Last Year at Marienbad (Alain Resnais, 1961)
Art House Rating



I watched Last Year at Marienbad for the first time in three decades, so I have my own "new" way of interpreting it. It certainly does fit into Resnais' themes of time and rememberance, but I actually bought into looking at it as a horror film/ghost story/nightmare after only a few seconds of the funereal organ score by Francis Seyrig (the lead actress's brother). I decided that was an appropriate reaction, especially when all the tracking shots down the hallways at the beginning reminded me of The Shining which came out 19 years later. Besides that, the "hotel" reminds me of both the Overlook (or Hearst Castle) and its maze. Also, the narration by the persistent "suitor" sounded like something which someone who knows he has no chance with a certain woman would say. Add in that "theatre performance" near the beginning and the ending and several other ambiguities, and you've got three-fourths of David Lynch's filmography from the last 14 years.
Now, this is not to denigrate what Resnais accomplished here. It's just that I know several filmwatchers, including several of the sophisticated variety, who write this film off as just too "into itself" to care about or try to decipher in the usual ways. It feels right to me to look at the film as a ghost story since nobody in the film seems to be living, no matter how much the narrator wants one to live. If it's not a ghost story, then perhaps it's someone's descent into mental illness. I have a very close friend who talks a lot like the narrator in this film. He repeats himself over and over, and no matter how often he's contradicted, he tries to correct people who understand the situation even better than he does. Then, when things don't seem to be going "his way", he changes the "facts" and "details" with new info which he had somehow forgotten for 25 years. I'm not saying that this friend is truly insane, but if he were forced to undergo some kind of standard test, I fear that he would not pass it because he is in denial to just so many things that I'm not sure that he can turn himself off when necessary. He really reminded me of the narrator here; someone who has been jilted and will not take no for an answer (whether about love, family, career, etc.)

Some of the surrealistic flourishes seem to work better when you think of them as either being interpreted by "people" who are in denial about their state of either life or sanity. For example, it would make sense inside the narrator's head that the woman wanted him so we do get a scene (repeatedly) where she seems to be welcoming him. It's also strange that is the scene where he actually denies forcing himself on her. On the other hand, the only times I recall those two individuals touching was when they were dancing (a la a "Dance Macabre") and when he cornered her and she put her hand to his mouth so as to tell him not to speak (I'm sure there were more but you see? memory). But the other man, the Gamester, he touches her head while she's on her bed and seems far more comfortable with her in an intimate situation.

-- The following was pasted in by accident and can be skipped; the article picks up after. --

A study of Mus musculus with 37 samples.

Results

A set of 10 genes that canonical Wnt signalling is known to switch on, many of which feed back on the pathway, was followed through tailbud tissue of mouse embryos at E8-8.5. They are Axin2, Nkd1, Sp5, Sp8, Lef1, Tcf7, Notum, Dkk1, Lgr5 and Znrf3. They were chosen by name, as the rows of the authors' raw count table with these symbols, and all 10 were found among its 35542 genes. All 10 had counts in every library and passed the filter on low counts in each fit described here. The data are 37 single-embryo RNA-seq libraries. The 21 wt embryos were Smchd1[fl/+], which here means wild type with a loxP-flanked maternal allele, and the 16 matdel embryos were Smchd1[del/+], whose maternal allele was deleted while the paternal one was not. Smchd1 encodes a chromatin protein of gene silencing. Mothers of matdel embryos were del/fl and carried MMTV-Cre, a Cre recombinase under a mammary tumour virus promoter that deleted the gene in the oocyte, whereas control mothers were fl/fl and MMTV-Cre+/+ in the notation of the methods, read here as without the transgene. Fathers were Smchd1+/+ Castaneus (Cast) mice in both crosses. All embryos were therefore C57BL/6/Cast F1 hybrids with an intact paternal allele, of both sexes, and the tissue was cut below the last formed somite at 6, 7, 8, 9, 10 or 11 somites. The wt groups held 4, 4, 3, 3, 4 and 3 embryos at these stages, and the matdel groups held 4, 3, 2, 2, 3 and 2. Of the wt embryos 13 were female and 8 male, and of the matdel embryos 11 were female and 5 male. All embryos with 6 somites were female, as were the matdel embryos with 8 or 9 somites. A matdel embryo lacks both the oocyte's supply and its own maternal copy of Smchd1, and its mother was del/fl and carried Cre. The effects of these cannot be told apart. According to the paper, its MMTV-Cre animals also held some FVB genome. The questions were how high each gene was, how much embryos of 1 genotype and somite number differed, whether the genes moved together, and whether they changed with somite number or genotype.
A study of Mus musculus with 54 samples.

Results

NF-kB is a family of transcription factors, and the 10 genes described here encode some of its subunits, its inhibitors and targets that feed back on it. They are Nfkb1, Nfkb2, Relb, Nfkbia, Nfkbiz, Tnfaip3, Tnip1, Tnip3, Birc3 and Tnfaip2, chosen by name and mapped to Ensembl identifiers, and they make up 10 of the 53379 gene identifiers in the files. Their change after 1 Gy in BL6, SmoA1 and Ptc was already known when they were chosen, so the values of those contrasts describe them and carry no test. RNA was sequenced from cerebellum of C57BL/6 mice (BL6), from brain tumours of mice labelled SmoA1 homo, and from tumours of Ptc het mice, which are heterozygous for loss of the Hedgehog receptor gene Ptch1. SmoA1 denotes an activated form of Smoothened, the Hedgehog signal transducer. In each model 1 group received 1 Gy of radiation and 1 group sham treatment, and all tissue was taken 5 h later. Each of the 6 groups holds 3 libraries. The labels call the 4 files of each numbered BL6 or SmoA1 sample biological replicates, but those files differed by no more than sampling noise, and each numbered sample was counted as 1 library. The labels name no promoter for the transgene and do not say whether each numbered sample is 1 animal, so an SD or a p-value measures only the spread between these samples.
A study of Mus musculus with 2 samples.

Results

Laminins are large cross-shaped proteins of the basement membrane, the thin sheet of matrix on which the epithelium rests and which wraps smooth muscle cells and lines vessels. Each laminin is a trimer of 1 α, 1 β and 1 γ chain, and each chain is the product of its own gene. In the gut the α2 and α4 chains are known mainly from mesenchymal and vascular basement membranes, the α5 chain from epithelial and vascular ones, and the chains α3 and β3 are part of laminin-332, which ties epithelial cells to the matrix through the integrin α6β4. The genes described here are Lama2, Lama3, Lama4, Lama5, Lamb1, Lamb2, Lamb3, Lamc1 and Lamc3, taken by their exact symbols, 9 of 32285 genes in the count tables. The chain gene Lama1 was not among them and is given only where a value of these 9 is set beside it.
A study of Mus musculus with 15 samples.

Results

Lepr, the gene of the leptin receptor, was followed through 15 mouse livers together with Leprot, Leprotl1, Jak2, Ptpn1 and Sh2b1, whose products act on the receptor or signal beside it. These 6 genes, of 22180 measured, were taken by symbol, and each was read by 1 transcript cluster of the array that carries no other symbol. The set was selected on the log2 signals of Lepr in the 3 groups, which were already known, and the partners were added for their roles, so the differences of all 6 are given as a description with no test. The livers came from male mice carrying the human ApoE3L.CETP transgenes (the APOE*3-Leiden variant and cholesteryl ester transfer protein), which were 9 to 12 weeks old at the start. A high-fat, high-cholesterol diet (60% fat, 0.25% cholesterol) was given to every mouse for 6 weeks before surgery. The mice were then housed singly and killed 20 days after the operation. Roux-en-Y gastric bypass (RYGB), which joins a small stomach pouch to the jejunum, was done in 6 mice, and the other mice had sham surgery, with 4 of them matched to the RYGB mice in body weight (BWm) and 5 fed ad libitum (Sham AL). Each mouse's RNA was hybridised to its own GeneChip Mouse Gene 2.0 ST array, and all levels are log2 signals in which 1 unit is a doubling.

[I don't really want to rehash all the old "interpretations" now, but maybe after I rewatch it, I can think about those. However, I feel that I'm more likely to latch onto my own horror flick interpretation. Resnais had already made Night and Fog and Hiroshima mon amour which were both horrific. There is no hint of romance or passion in Night and Fog while Hiroshima is mostly passion. Last Year at Marienbad is certainly 99% devoid of passion, so even if you don't want to interpret it as a horror film, a ghost story or even a vampire film (there are some interesting visuals involving the sun and the night at the same time and a neat strip of overdeveloped film during a long track down a hallway), it may be a film which you find difficult to warm up to. However, I can understand why it's become a lionized iconic puzzle just as much as I can see why many people would think it was boringly unwatchable. It is rather short though and looking at how influential I now see it to be in my own certain quirky ways, I can see how some people could also fluctuate back and forth between the two "extreme" positions.